Ever ask yourself, “Do I need disability insurance?”
The ever rising medical costs, lack of savings, and an overall trend of fewer employers offering benefits to workers has created a critical blind spot for many American workers and their families, a lack of adequate disability insurance coverage. This is in part due to various myths and misunderstandings surrounding disability insurance. The reality is that it’s a uniquely useful type of insurance coverage.
Why should you get disability insurance?
Because it might help if you get disabled.
Think you're immune to accidents? According to the Council for Disability Awareness, 20-year-old workers have a 1 in 4 chance of becoming disabled by age 67. Also, 5.6 percent of working Americans will experience a short-term disability (six months or less) due to illness or injury.
Because you can’t rely on workers' compensation alone.
Many people mistakenly think they can reply on worker’s compensation. According to the Council for Disability Awareness, a small fraction of disabilities are covered by workers' compensation insurance, and the benefits are often temporary. Similarly, qualifying for Social Security Disability Insurance (SSDI) can be difficult, and approval can take months.
Because accidents or injuries are not the only cause of becoming disabled.
The leading causes of disability is actually illnesses such as arthritis and other musculoskeletal problems.
Because disability insurance payments might be tax-free.
Disability insurance payments in many cases are tax-free. One exception is when the disability benefit is through your employer. Those disability payments could be taxable depending on whether your employer is paying for the plan with pre-tax or after-tax money.
Because your employer’s coverage might not be enough.
Having group disability insurance through your employer is great. However, group plans vary greatly and may provide limited benefit amounts and limited benefit periods. Because disability benefits are based upon income, you may want to consider an individual policy to maximize your benefits.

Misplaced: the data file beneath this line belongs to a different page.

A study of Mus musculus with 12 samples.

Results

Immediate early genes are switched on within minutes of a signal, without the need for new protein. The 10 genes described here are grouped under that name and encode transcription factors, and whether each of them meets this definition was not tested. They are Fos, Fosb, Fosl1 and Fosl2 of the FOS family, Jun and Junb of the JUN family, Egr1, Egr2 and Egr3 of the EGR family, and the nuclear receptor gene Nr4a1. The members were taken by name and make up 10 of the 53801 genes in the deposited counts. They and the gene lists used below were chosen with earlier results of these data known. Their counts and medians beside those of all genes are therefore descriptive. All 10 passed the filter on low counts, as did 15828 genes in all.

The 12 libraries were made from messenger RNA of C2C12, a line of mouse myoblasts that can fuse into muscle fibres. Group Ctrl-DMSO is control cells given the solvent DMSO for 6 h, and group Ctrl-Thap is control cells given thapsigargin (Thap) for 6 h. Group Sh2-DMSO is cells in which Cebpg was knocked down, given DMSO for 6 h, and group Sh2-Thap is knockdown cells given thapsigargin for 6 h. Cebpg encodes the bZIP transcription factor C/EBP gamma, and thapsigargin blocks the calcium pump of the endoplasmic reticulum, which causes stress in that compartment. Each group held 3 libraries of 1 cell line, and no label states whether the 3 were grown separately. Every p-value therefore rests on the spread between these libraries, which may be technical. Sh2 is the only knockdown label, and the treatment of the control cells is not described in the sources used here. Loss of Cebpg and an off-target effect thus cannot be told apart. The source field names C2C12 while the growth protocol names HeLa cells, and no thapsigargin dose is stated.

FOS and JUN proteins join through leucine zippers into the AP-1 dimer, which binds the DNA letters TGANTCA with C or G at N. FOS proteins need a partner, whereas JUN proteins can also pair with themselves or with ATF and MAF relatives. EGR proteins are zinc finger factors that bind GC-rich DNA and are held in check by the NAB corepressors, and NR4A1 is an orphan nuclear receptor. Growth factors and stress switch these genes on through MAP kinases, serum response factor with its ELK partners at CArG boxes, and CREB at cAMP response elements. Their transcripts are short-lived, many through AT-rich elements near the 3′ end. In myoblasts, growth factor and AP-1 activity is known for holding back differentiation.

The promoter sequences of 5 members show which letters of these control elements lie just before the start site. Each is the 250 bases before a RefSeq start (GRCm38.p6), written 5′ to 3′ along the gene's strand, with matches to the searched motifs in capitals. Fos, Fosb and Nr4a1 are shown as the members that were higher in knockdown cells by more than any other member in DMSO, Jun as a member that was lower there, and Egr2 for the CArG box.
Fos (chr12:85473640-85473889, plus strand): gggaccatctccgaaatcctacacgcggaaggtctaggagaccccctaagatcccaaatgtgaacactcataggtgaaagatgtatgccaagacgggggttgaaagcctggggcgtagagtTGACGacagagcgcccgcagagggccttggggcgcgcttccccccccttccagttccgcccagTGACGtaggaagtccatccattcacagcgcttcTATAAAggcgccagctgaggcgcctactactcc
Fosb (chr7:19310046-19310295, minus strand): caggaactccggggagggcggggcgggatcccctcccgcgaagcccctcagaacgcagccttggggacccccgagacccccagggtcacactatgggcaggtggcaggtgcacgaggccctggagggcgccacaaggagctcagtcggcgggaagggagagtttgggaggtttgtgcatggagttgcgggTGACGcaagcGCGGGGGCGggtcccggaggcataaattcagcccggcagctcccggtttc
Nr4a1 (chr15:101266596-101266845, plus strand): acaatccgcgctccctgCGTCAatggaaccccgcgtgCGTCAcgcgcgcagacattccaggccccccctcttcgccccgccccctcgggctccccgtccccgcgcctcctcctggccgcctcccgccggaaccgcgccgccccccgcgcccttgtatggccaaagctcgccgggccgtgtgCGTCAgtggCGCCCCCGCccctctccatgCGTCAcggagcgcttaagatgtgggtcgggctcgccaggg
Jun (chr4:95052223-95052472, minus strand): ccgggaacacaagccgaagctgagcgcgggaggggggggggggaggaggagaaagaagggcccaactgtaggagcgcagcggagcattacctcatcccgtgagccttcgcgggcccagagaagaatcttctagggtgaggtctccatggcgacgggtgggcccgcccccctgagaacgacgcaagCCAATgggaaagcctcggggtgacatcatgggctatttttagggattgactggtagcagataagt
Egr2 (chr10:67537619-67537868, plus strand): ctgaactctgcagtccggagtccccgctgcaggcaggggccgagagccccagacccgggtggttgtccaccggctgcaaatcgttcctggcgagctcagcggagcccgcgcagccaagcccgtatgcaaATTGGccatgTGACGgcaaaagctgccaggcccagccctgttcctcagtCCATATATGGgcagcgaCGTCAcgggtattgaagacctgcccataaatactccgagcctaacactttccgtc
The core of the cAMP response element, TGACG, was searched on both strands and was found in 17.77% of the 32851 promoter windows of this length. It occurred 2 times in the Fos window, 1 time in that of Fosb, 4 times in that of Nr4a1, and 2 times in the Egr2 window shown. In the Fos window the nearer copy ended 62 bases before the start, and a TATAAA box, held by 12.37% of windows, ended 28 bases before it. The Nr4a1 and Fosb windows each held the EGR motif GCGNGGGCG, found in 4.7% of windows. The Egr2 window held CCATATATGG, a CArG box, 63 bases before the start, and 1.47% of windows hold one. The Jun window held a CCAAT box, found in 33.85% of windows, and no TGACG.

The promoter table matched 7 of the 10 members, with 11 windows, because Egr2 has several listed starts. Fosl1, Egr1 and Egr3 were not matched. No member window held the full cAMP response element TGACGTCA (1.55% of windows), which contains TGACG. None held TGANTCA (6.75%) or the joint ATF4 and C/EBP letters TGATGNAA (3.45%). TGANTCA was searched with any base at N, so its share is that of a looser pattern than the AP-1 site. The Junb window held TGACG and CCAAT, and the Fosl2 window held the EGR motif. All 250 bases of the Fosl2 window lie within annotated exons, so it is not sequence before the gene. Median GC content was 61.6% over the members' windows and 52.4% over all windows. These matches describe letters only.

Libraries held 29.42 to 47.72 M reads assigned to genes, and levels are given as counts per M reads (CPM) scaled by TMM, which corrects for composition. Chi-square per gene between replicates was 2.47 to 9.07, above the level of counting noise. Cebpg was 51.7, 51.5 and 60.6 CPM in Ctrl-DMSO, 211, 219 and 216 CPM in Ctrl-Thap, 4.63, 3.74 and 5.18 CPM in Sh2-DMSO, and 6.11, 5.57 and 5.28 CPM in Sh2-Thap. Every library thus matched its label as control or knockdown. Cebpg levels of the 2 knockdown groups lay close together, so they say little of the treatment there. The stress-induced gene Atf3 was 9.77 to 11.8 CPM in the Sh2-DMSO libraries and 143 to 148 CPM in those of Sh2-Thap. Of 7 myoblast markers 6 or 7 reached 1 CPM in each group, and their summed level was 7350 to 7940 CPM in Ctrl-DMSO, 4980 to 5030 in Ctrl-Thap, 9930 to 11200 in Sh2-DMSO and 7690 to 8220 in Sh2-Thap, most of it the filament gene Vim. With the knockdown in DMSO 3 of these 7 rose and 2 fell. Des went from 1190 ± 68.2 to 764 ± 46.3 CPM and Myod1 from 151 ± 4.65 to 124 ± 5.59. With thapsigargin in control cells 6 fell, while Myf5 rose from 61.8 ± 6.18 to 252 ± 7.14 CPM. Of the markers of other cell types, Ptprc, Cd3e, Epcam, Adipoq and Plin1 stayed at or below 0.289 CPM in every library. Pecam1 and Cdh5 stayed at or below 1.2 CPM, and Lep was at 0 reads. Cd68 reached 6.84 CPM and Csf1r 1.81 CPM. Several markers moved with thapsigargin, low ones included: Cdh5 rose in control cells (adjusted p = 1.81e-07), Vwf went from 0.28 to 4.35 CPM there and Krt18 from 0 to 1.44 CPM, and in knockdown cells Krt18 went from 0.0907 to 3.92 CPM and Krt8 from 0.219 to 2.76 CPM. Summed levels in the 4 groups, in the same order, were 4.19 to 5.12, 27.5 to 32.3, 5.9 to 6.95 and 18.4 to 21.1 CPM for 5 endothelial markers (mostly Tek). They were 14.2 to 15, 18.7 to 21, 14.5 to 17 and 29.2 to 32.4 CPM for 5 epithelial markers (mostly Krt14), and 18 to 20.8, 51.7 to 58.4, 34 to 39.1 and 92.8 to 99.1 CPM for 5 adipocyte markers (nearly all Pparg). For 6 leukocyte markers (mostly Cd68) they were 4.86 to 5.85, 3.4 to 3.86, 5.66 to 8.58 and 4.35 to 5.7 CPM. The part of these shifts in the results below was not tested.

Because your Social Security benefit might not be enough.
Social Security does not cover temporary disabilities; it covers permanent medical conditions only. Plus, most states do not offer disability benefits. The average Social Security Disability Insurance (SSDI) benefit payment is only 1,197 per month (SSA Publication 05-10570 Jan. 2018). Is that enough to cover living expenses? For most of us, the answer is likely no.
Because for maximum protection, you might need both short-term and long-term disability insurance.
Many employers offer short term disability either as a stand-alone policy or as part of the earned time off plan of the business. These plans offer limited benefits and limited benefit periods.
As the name implies, a long term disability plan can protect your income for 5 years or to age 67. Long term plans typically offer additional features that provide more comprehensive coverage.
What should you look at in a disability insurance policy?
- The "Disability" definition. Do you have to be unable to perform your regular job or any job? Be sure you understand the definition.
- The onset of benefits. If your savings can cover several months of expenses, reduce monthly premiums with a longer waiting period.
- Are there partial benefits? These can provide you with some income if you can't work full capacity.
- Is there a cost-of-living adjustment (COLA)? Adding a COLA option will increase benefits to keep pace with inflated living expenses.
State Farm® (including State Farm Mutual Automobile Insurance Company and its subsidiaries and affiliates) is not responsible for, and does not endorse or approve, either implicitly or explicitly, the content of any third party sites hyperlinked from this page. State Farm has no discretion to alter, update, or control the content on the hyperlinked, third party site. Access to third party sites is at the user's own risk, is being provided for informational purposes only and is not a solicitation to buy or sell any of the products which may be referenced on such third party sites.